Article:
Singapore — Founding Prime Minister Lee Kuan Yew’s youngest son, Mr Lee Hsien Yang, has asserted in a new Facebook post that the country has not turned into what his father had envisioned.
Mr Lee Kuan Yew, the late founding leader of the People’s Action Party (PAP), is considered Singapore’s founding father. His eldest son, Mr Lee Hsien Loong, is the current Prime Minister.
In 2017, Mr Lee Hsien Yang and his sister, Dr Lee Wei Ling, accused PM Lee of using his power and influence to subvert their late father’s willed desire to have their family home demolished. Although PM Lee vehemently denied the charges, his younger siblings have maintained that they have lost trust in him as their brother and national leader.
The younger Mr Lee also said that the PAP is not what it was when his father was at the helm. He joined the Progress Singapore Party (PSP) ahead of the recent General Election and urged voters to fearlessly cast their ballots for the opposition.
In the Facebook post published on Friday (July 17), exactly a week after the elections, Mr Lee reflected on his own political journey and said that he became more in tune with the struggles of ordinary Singaporeans after his father passed on in 2015. He wrote:
“I was born into a life of privilege and lived a sheltered life. I am by nature a very private individual who has largely avoided public attention. Public speaking does not come naturally to me. I am reserved and shy. Thus, I set my own path and chose to contribute to our country in my own way.
“Following my father’s passing in 2015 many Singaporeans came forward to speak to me. Through their stories and their struggles, I have learnt much. I began to realise that there are now ‘two Singapores’ – one for those close to or in the circle of the PAP’s natural aristocracy, and another for ordinary Singaporeans, who live a life of fear and struggle in a maze where they search for crumbs.”
Sharing his belief that his father’s vision for Singapore does not match what the nation is today, Mr Lee suggested that his father’s approach to governance was a product of his time. Affirming his love and gratitude for his father, Mr Lee said that his father was always looking out for Singapore — not the perpetuation of the ruling party:
“Some elements of my father’s approach to governance were a product of his time and his own life’s journey. I love my father. For what he has done for our country, like many Singaporeans, I am deeply grateful.
“It is my belief that his vision of Singapore is not what the country has become today or seems to be heading. I know that my father’s concerns were always for the future of Singapore and not the perpetuation of the PAP.”
Asserting that the latest election has showed how Singapore wants to evolve, Mr Lee added: “Times have changed, Singapore has changed. People have changed and I, too, have evolved. We need a new compact between the government and our people. GE2020 has demonstrated that Singapore wants different.”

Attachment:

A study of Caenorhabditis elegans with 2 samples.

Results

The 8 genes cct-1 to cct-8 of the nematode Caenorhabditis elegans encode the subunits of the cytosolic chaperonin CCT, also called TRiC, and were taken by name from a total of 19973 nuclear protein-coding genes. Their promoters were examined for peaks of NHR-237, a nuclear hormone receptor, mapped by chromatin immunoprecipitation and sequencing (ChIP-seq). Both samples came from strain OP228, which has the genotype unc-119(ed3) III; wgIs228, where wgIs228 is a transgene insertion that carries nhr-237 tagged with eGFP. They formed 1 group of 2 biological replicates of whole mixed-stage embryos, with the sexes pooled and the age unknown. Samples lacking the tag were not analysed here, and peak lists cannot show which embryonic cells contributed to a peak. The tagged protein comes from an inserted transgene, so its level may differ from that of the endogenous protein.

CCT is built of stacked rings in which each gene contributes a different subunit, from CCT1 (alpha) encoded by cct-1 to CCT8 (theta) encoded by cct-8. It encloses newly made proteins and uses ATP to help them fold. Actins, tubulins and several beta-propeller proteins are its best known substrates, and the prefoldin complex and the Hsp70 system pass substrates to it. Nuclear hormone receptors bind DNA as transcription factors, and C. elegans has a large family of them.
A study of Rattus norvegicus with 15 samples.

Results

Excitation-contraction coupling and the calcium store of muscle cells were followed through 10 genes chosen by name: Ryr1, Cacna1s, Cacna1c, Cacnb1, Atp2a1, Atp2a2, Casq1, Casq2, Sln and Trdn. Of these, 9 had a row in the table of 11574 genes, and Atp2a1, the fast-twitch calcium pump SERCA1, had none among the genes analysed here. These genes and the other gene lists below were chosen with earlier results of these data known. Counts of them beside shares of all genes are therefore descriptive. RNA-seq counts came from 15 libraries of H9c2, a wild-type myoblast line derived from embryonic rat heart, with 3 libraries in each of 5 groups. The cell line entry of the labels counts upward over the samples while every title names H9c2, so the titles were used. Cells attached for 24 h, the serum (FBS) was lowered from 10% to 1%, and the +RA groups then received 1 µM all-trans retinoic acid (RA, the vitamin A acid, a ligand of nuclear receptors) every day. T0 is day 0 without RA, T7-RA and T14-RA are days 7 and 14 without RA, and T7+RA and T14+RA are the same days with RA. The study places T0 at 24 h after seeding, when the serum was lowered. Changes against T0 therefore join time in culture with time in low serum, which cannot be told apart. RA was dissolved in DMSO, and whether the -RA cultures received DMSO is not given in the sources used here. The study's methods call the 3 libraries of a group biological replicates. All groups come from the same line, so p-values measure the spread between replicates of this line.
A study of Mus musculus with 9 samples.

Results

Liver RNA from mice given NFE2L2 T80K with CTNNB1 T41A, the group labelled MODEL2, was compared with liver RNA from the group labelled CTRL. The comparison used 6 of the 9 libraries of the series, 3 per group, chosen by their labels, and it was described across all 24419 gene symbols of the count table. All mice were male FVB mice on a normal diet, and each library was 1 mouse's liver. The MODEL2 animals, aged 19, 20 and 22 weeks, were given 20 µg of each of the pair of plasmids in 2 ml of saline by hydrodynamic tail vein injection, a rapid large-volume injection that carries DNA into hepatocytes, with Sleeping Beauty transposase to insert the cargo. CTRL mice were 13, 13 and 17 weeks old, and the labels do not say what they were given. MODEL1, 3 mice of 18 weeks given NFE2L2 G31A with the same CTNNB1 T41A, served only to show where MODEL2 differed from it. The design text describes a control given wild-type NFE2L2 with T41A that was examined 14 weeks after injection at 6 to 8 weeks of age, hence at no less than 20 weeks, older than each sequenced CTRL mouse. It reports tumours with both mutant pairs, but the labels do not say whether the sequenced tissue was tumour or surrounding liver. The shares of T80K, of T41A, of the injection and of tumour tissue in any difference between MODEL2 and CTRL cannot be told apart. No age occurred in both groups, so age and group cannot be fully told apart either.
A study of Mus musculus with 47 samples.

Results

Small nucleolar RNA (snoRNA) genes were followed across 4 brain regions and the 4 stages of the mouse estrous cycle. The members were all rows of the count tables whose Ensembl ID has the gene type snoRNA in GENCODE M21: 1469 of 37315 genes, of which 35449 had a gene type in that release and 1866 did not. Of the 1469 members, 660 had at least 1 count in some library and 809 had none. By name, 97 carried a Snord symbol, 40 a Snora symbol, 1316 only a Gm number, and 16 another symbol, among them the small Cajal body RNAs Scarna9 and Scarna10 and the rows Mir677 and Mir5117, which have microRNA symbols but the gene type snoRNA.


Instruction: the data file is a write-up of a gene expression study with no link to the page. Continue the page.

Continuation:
Mr Lee then urged Singaporeans to continue supporting the opposition and speak up against the current style of government. He said: “We need to build on the outcome of GE2020.
“We need to continue to support opposition MPs in Parliament as they seek to be our voices. We also need to continue to make clear our rejection and repulsion of the character assassinations, lawsuits, Pofma and police reports style of government. We need our politicians not to threaten but to reason.”
Calling on Singaporeans to keep political discourse alive, Mr Lee urged his fellow citizens to speak up on a number of issues such as the disparity in public funds allocated to opposition town councils, the PAP’s use of an Internet brigade to crush alternative views and potential conflicts of interest in government.
He said: “In the days and years ahead, we need to keep the conversation going. Keep asking questions. Speak up and support political parties you believe in. Volunteer to help them. Demand fairness in the People’s Association (PA) grassroots advisor appointments and use of funds, and not allow a mockery of democracy.
“Push for an open government and a fair and free press. Decry rule by oppression and fear, and the use of an Internet brigade. Shout out against conflicts of interest in government. Continue to make our voices heard on issues and volunteer in the ways and means we can. Participate in public petitions, scrutinise and comment on legislation. Speak up against legislation made for political gain. Speak truth to power.”
Asserting that political participation is the right and duty of all citizens, Mr Lee urged: “As citizens, political participation is our right and our duty. We must do this because we care for our future. And because we love our Singapore.”
In his post, Mr Lee also thanked his family and fellow Singaporeans for their support as he entered the political fray. Read his post in full here.